When taking a job, many employees often have important questions they want answered. Employees may want to know what work hours they will maintain, who they must report to in case of a problem and what holidays they are given off. One of the most important questions many employees have is regarding their pay. In general, employees can expect two kinds of pay: gross and net. Net pay is the person’s take home pay. Multiple factors will influence an employee’s take home pay. Any employee should be aware of what specifics may influence the amount of money they bring home each payday.
Many Types of Taxes
One of the most important things that will determine how an employee’s paycheck after taxes are the amount of taxes they pay. Taxes vary from place to place. In general, there are several kinds of taxes most people pay. Federal taxes are taxes paid to the federal government. State taxes go to the state. An employee may also pay local and city taxes. These taxes may depend on the job’s location. Commuters from a different state may pay commuting taxes. It’s a good idea to ask an employer what taxes apply to them when taking the job.
Deductions Are Also a Factor
Another factor that can influence the amount of money a person earns after taxes are the deductions they take. Some people take lots of deductions while others may take only a few. It’s a good idea to be on the same page with a working spouse when it comes to determining which deductions to take. Each partner may want to decide which specific deductions they want to take in order to maximize the money they bring home and reduce their overall taxes.
Paying For Things
The amount of money in any check may also be determined by other specific factors as well. For example, while most companies offer their employees health insurance, the employee may still have to pay for a portion of the insurance costs. Such costs may be deducted from the employee’s paycheck before they are paid. Some employees may opt for a family health insurance plan that covers all of their family members. In that case, they may have a smaller paycheck after taxes than an employee who only needs to cover a single person. An employee may also need to pay other expenses directly from their paycheck. For example, a divorced dad may need to pay child support to an ex-spouse. In many instances, such payments are mandated by the court system and taken directly out of the employee’s paycheck.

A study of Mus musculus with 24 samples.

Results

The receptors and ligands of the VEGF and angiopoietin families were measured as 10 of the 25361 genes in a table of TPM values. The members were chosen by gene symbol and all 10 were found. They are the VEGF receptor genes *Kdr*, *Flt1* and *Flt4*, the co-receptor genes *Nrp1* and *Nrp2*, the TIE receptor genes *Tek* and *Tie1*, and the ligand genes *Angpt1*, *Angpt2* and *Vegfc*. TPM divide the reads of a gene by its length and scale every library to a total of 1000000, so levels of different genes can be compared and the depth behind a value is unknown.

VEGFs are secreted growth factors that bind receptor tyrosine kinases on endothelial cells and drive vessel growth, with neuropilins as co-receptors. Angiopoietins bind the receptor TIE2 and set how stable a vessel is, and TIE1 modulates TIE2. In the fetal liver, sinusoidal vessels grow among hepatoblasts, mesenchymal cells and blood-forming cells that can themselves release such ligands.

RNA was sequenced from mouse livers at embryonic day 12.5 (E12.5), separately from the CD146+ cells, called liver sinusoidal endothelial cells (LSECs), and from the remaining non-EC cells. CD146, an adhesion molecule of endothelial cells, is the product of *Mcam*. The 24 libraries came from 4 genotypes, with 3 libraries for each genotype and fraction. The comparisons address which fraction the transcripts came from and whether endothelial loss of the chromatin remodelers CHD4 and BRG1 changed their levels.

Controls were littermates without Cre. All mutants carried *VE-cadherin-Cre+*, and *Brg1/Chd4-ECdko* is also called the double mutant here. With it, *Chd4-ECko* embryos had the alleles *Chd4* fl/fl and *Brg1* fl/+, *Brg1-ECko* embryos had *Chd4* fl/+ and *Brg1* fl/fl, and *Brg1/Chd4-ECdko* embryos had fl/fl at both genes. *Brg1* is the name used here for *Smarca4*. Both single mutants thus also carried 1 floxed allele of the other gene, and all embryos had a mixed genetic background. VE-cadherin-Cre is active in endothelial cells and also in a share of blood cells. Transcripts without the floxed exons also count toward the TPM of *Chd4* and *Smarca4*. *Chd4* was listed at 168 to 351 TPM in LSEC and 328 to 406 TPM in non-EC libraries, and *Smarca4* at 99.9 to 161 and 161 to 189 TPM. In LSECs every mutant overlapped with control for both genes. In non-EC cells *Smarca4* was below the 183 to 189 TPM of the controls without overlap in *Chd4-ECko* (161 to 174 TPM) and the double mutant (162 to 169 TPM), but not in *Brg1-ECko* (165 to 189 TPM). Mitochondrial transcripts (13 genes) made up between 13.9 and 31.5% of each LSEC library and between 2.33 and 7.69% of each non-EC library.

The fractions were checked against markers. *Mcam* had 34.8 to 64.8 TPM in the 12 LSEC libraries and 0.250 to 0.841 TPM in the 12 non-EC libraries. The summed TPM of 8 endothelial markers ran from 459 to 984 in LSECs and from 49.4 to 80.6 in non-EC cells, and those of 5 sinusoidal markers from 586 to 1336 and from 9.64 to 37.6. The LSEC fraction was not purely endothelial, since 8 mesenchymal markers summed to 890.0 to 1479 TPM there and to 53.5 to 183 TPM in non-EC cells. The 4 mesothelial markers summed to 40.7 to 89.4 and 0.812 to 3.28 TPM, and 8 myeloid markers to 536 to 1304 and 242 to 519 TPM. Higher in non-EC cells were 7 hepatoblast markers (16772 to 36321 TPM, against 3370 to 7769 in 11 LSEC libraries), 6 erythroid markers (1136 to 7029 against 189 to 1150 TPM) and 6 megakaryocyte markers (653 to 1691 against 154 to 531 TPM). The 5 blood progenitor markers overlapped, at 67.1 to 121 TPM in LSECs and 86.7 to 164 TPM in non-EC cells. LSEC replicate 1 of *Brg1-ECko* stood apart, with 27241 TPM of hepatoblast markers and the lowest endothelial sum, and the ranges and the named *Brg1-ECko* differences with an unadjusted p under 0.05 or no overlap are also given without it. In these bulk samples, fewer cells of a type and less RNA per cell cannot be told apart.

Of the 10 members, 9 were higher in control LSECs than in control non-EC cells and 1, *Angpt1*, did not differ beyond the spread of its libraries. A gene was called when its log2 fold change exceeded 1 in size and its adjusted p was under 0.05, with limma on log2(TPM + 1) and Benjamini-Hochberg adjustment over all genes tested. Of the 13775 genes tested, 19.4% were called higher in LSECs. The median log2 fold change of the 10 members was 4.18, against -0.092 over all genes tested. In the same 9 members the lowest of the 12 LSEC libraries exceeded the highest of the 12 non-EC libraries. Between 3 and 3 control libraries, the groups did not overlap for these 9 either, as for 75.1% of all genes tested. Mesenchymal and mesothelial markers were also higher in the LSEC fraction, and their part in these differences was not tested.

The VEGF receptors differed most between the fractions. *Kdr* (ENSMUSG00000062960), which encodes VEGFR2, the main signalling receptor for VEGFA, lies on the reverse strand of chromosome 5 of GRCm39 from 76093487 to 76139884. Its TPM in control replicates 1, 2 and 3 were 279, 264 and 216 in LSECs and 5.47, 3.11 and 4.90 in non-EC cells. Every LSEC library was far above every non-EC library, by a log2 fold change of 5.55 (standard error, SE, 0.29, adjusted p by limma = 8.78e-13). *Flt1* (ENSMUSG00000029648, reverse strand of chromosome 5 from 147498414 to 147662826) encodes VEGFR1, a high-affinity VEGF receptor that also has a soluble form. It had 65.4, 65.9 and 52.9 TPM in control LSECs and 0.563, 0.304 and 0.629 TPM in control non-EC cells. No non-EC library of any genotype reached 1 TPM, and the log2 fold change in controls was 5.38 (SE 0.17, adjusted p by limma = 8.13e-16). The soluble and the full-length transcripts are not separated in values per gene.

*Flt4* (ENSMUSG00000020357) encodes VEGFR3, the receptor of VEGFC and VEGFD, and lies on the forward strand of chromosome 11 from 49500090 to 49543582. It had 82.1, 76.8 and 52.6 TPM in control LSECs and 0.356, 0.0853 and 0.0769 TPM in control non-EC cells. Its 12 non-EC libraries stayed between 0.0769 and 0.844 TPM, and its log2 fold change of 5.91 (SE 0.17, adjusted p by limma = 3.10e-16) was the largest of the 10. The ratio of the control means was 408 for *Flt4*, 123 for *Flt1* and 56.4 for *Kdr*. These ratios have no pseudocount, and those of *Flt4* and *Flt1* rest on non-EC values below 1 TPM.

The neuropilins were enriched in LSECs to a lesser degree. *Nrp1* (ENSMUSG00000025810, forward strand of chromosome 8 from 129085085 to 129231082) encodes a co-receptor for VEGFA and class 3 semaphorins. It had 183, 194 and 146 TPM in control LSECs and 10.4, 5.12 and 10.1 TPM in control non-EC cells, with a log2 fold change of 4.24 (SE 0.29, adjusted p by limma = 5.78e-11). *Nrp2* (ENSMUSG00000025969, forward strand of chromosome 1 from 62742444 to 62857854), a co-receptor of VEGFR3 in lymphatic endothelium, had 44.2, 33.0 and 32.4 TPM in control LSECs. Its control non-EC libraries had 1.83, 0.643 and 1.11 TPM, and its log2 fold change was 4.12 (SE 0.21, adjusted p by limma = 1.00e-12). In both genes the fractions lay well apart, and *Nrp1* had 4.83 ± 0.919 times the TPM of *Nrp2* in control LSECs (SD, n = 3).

Many employees opt to save at least a portion of their pay each paycheck and put it into a personal retirement account. An employee may decide to put aside a certain percentage of funds each week in order to help them save for retirement. Such funds are typically taken out of the employee’s paycheck before the employee sees the final check. This is a good way to save for retirement. Some companies even match an employee’s savings up to a certain amount from each paycheck. Saving for retirement this way also has great tax advantages. Consult with your employer and find out how much you can contribute each pay period.